Try Sri Lankan Vegetarian Fare at Sigiri in the East Village


Sigiri (91 First Avenue; 212-614-9333) has been an East Village establishment for the last ten years. However, five years ago, the restaurant switched hands to brothers Shashika Sudasinghe and Nalinda Peiris, who have kept the restaurant and its menu relatively the same.

Sri Lanka is a predominantly Buddhist country; the owners are Buddhist too. The name of the restaurant ties directly in to their religion, denoting the ancient Sri Lankan city called Sigiriya, meaning “lion rock,” which was first built to house King Kasyapa’s palace and capital during the fifth century, and later adopted as a Buddhist monastery until the fourteenth century.

Though Sigiri’s menu features many vegetarian dishes, most Sri Lankans aren’t vegetarian. “Lot of people don’t eat the beef and pork [in Sri Lanka], but everything else, everybody eats. There’s only like few people that are vegetarian in Sri Lanka — there isn’t a big vegetarian community [there],” says Peiris.

“[We’ve included vegetarian dishes because] we cater to everybody…Even in Sri Lanka, we eat the [vegetarian] soups. The rice and curry, we eat it every day, so the vegetables and the curries [are vegetarian].”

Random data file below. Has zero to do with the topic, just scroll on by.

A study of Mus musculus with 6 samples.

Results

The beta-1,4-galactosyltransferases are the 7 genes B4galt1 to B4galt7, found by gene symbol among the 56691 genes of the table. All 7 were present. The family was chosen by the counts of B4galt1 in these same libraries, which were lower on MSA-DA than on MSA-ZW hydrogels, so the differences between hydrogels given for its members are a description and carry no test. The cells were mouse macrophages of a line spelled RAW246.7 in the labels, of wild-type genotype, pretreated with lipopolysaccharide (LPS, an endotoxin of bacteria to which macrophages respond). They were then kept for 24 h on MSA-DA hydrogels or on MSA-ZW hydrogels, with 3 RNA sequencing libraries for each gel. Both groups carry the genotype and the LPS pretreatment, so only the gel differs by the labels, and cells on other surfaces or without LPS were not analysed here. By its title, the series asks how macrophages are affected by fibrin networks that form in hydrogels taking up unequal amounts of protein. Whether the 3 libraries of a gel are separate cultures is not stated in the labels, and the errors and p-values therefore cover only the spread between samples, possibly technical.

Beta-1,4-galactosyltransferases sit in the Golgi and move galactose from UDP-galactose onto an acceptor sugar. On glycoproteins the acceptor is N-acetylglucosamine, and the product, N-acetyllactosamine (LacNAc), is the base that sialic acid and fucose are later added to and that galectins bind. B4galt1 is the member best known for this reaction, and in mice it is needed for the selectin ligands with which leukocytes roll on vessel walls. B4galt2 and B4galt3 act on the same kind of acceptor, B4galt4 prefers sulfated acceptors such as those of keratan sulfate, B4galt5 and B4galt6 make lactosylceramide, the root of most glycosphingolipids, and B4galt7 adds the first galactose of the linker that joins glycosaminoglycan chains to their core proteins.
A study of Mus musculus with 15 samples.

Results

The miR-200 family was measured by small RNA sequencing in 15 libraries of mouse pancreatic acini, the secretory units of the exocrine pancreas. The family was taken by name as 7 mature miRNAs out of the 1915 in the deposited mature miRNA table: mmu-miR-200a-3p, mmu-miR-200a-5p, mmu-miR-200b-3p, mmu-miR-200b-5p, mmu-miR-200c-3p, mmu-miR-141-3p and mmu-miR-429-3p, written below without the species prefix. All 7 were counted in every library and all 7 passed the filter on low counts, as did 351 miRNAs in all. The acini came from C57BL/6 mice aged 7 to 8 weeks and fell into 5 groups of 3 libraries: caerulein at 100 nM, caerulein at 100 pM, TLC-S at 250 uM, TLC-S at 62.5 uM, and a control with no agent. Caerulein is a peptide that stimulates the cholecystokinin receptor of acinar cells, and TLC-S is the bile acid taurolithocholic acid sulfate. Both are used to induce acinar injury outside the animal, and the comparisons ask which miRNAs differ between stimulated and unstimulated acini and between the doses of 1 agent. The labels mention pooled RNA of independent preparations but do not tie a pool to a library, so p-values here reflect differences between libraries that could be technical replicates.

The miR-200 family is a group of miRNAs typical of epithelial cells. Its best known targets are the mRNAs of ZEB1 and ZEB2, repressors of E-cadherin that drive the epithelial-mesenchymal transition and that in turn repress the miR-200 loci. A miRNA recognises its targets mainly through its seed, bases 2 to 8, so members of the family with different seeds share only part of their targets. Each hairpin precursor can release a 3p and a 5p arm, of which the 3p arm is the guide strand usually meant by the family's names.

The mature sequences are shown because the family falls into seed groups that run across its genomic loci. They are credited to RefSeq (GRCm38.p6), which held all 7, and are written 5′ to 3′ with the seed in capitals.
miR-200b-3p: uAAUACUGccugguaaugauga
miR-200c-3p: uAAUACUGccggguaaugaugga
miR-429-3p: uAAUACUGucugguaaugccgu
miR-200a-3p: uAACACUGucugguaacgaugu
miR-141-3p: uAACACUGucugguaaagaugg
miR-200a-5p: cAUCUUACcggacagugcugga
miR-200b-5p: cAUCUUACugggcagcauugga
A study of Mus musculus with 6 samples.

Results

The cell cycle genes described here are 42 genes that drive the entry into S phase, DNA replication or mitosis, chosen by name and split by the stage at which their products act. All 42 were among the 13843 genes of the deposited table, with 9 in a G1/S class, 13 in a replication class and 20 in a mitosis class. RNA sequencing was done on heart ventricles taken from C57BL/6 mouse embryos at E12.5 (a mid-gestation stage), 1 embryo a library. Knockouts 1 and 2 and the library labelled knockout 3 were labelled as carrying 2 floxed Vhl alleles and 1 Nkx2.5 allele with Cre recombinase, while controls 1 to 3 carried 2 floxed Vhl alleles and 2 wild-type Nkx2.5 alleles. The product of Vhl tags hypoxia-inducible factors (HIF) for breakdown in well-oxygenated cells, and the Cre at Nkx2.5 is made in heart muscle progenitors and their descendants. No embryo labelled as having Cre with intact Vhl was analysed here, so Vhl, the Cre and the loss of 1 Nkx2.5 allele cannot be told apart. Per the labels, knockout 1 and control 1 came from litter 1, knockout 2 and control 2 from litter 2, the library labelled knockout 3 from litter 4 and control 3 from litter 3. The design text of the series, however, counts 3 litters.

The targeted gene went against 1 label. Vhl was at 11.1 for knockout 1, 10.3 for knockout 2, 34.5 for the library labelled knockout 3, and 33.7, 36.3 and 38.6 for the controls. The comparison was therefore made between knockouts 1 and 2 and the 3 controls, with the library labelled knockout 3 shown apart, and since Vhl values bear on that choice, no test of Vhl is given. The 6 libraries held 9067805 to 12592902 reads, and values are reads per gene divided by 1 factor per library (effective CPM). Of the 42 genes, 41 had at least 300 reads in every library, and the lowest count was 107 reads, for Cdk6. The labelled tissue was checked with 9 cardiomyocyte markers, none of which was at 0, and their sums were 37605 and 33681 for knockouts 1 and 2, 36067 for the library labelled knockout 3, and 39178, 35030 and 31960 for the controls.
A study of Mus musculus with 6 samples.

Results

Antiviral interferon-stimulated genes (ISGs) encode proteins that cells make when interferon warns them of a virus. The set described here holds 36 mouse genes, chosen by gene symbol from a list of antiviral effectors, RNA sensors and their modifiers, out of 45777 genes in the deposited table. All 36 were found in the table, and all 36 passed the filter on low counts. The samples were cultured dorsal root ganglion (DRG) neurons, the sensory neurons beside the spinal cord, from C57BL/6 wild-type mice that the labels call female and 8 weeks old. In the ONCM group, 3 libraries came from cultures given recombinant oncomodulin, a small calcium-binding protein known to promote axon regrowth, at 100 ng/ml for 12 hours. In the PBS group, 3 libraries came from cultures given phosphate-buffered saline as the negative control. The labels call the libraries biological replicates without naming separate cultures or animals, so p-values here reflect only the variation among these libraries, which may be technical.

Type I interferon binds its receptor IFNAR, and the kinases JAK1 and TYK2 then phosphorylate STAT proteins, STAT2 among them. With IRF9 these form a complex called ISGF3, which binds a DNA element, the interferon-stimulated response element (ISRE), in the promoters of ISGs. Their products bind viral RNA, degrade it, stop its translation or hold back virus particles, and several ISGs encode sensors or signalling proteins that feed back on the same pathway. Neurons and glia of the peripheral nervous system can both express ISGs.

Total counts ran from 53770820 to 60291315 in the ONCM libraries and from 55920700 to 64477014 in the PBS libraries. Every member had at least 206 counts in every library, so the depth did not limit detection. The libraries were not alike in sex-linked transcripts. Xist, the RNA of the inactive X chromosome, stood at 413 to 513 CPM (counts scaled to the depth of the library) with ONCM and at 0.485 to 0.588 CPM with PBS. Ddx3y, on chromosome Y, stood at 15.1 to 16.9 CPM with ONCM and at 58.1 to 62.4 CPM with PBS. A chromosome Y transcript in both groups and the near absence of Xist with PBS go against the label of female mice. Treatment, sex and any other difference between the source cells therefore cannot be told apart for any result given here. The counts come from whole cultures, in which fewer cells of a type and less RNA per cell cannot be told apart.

Sri Lankan cuisine is heavily influenced by the Chinese — according to Peiris, there are a lot of Chinese restaurants in Sri Lanka. Chinese dishes, such as fried rice, have become authentic to Sri Lankan cuisine, and now employ ingredients and spices that are traditional in Sri Lanka.

Sigiri’s vegetable fried rice ($11.50), for instance, features egg and a mix of vegetables like a typical Chinese fried rice, but also includes cashews and raisins, ingredients often found in South Asian cuisine. Because of the cashews and raisins, the overall flavor of the fried rice is nuanced and aromatic, with a lightly nutty and sugary finish.

The kottu roti ($14.50) is a popular specialty: a Sri Lankan stir-fry that includes a host of vegetables, scrambled egg, and shredded pieces of roti bread, a type of flatbread common to the Indian subcontinent.

The roti is doughy, while the vegetables provide a crunch. The dish is fairly spicy, but is served with a gravy made of coconut, yellow curry powder, and saffron. The gravy, when poured over the stir-fry, adequately subdues the spices, while also adding a hint of sweetness.